Baltimore Ravens Week 1: Right, Wrong, and WTF

Prelude: In this series, we’ll be taking a look at what went right, what went wrong, and what made us scratch our heads in games every week. Each category will focus on one thing, with exceptions being made when necessary. This is the inaugural piece, so strap in and enjoy.

Your Baltimore Ravens beat the Cleveland Browns

Week One is in the books for the Ravens, and I’m not sure that they could’ve asked for a better outcome.

Facing a Divisional opponent in Week One, the Ravens needed to walk out with a win, especially at home in front of Superfan Mo Gaba, who watched from the heavens.

Boy, did they get one. They slaughtered the upstart Cleveland Browns 38-6, in a game that wasn’t really as close as the score shows – and that’s saying something. They had their foot on the gas from the first offensive series (or defensive, if you’re into that sort of thing – I am) and didn’t touch the brakes at any point during the wild 60-minute ride.

Odell Beckham, Jr. proved he was literally a No. 2 receiver, Baker Mayfield posted a 33.4 Quarterback Rating, and Lamar Jackson started down the road to repeating as League MVP.

So let’s start by taking a look at what went right.

QB Lamar Jackson
Photo Credit: Shawn Hubbard/Baltimore Ravens

The Right:

Lamar Jackson said more than once that he wanted to get better at deep passes in 2020.

We saw the videos and heard the reports from Ravens Media during training camp, but seeing it in live action is another thing entirely. Too many times, we’ve been led to believe that Player X would be a stud, or Player Y would have a larger role in the offense/defense, just to see our hopes and dreams crushed on gameday.

Not this time, Lamar said.

The reigning unanimous League MVP threw ten passes that traveled 10+ yards on Sunday. He completed nine of them, for 180 yards (per ESPN). Marquise Brown was the recipient of three such passes, all of which traveled over 15 yards in the air. Oh, and he provided a 158.3 passer rating to Lamar when he was targeted on these deep passes. (He had five catches for over 100 yards at the half, by the way.)

Why is this so important? Well, as I mentioned before, Lamar completed less than 50% of these passes in 2019, and to the eye, he wasn’t terrible in the deep game last season. He’s improved on a weakness, which should absolutely terrify opponents.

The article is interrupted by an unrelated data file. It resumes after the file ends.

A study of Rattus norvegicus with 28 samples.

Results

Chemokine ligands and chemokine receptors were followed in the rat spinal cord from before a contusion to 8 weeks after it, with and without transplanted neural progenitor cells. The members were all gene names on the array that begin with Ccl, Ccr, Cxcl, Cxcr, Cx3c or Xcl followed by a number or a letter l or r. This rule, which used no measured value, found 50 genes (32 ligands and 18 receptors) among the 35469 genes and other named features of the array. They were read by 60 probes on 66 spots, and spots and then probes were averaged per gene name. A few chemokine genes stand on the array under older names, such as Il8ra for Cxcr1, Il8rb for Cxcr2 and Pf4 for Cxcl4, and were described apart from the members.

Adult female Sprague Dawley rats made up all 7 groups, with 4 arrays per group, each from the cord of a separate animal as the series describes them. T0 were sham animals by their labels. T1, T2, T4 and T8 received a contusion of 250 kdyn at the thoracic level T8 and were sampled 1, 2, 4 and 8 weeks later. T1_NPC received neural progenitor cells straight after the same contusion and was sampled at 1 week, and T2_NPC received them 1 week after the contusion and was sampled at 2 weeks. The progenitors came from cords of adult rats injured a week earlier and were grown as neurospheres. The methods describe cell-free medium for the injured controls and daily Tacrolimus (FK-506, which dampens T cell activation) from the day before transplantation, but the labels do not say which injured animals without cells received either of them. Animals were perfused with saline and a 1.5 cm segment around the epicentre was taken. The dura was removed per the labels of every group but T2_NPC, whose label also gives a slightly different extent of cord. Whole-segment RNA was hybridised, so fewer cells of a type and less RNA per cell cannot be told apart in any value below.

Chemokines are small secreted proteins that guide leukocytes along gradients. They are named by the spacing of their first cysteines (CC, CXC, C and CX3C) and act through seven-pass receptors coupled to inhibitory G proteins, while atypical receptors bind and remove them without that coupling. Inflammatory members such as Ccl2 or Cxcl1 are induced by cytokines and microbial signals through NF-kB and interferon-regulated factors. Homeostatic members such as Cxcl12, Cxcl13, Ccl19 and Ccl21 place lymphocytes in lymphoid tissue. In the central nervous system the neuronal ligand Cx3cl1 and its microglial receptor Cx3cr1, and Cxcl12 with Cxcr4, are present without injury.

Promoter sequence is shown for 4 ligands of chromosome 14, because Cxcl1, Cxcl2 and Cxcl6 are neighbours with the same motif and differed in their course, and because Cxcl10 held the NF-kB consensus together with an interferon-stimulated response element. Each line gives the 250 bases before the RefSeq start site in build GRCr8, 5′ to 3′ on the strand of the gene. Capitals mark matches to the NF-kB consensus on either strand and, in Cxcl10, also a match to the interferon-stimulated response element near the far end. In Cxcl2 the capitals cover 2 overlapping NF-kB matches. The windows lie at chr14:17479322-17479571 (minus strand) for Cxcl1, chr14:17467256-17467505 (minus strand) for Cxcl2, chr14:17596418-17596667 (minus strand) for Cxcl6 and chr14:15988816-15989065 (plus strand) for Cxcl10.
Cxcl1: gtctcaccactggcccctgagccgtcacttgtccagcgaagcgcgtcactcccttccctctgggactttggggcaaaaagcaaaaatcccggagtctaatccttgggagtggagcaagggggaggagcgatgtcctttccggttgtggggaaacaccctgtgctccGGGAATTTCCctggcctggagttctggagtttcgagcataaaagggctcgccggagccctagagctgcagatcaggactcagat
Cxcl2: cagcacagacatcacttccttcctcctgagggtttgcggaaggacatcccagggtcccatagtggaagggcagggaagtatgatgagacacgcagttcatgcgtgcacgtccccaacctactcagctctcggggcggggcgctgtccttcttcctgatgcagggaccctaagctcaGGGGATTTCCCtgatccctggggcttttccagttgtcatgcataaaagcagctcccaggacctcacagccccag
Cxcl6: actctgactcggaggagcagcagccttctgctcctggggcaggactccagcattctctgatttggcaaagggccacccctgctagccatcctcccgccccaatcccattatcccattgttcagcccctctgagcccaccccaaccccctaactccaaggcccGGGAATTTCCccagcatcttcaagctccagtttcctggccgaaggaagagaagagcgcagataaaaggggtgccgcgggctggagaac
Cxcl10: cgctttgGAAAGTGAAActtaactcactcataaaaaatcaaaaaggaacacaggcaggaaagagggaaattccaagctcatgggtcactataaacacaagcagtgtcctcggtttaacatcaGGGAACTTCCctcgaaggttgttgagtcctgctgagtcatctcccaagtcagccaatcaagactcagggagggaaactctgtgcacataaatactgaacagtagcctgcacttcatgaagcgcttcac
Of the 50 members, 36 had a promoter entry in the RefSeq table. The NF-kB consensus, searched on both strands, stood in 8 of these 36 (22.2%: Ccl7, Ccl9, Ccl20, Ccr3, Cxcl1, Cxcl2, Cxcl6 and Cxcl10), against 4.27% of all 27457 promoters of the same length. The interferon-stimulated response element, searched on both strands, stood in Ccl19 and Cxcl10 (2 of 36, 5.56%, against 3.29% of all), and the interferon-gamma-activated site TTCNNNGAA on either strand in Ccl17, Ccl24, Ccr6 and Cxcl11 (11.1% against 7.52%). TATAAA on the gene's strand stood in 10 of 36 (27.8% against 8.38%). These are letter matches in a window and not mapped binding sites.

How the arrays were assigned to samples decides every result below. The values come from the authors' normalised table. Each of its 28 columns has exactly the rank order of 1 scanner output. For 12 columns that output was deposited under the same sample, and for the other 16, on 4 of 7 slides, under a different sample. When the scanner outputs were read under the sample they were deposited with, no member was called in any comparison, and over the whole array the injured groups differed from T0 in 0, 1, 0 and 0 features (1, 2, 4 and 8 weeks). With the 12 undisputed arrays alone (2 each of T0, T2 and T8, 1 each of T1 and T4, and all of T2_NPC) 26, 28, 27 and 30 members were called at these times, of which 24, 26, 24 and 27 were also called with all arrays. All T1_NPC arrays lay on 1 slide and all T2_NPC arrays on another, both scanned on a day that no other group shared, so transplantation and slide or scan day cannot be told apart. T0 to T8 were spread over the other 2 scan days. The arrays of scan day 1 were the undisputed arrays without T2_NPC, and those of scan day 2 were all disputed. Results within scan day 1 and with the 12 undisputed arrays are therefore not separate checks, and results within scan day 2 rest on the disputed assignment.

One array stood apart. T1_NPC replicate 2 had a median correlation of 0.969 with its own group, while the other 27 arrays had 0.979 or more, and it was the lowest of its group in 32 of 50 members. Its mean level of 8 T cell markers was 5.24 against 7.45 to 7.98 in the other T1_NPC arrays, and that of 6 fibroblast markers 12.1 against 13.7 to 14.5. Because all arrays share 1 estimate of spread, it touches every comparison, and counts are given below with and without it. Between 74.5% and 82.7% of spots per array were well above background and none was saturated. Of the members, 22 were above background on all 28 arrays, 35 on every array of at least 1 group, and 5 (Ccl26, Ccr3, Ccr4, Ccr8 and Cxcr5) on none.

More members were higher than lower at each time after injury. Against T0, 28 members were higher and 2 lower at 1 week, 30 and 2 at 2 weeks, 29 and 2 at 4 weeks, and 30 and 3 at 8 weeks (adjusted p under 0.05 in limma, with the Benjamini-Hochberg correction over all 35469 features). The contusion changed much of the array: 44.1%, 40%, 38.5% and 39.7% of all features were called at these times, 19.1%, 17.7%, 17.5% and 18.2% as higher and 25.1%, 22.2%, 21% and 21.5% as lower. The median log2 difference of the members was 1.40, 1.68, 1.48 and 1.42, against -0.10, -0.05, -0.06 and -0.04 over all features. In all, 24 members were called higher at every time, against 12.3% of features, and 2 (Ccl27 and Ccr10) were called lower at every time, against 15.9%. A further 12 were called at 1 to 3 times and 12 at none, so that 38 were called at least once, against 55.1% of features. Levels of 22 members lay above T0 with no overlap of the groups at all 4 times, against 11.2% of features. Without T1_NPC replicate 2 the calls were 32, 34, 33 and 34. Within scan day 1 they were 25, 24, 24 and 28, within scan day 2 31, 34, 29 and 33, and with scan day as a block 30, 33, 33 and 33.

He’s showing that if the run game isn’t working, he has the ability to make you pay for focusing that aspect of the offense.

LB Patrick Queen
Photo Credit: Baltimore Ravens

The Wrong:

There was a glaring weakness in 2019. That weakness was on the defense.

More specifically, the run defense. Even more specific, the outside run defense.

The Ravens identified this weakness. In response, they went out and traded for PFF’s 2019 Run Defender of the Year, Calais Campbell. Then they signed run stuffer Derek Wolfe. Together, they allowed Brandon Williams to move back to his natural position of Nose Tackle.

Add all of these things up, and on paper, the run defense woes were fixed. We were led to believe that the Ravens had a defense that would match their offensive firepower.

Early on in the game, it became apparent that this was not the case. Both Kareem Hunt and Nick Chubb gashed the outside run defense. Immediately, Ravens Twitter came alive with cries and groans.

While this weakness was somewhat hidden by the game getting out of hand, it’s something to watch going forward. If the Ravens give up chunk yards to the likes of David Johnson (HOU) and Clyde Edwards-Helaire (KC), then the woes of 2019 will come rushing (puns!) back.

Simply put, to win a championship, you need a championship defense. To win a championship, you typically need a championship running game. If the Ravens don’t have a good outside run defense, the championship run game wins that fight.

The WTF:

You all know what ‘WTF’ stands for typically. In this case, it stands for where the f…

As in where was the pass rush? Baker Mayfield was sacked twice and hit six times. Not terrible statistics, right?

Right. Until you remember that for the majority of the game, the Browns were forced to pass. Take the first half out of it, if you want. That leaves an entire 30 minutes of gameplay where the pass rush could pin their ears back and let loose.

You’d like to see more consistent production from a unit that is – again – supposedly much-improved. Tyus Bowser is in a contract year – earn it. Matthew Judon is in a contract year – earn it. Bowser’s sack was a coverage sack, which is a testament to the defensive backs. Oh, and Matthew Judon’s name got called once.

Want to guess what it was for? Yep. A boneheaded penalty.

The rest of the EDGE group combined for a whole two hits.

Needless to say, the Ravens will need more from Matthew Judon and Co. in the coming weeks, especially against Deshaun Watson and Patrick Mahomes.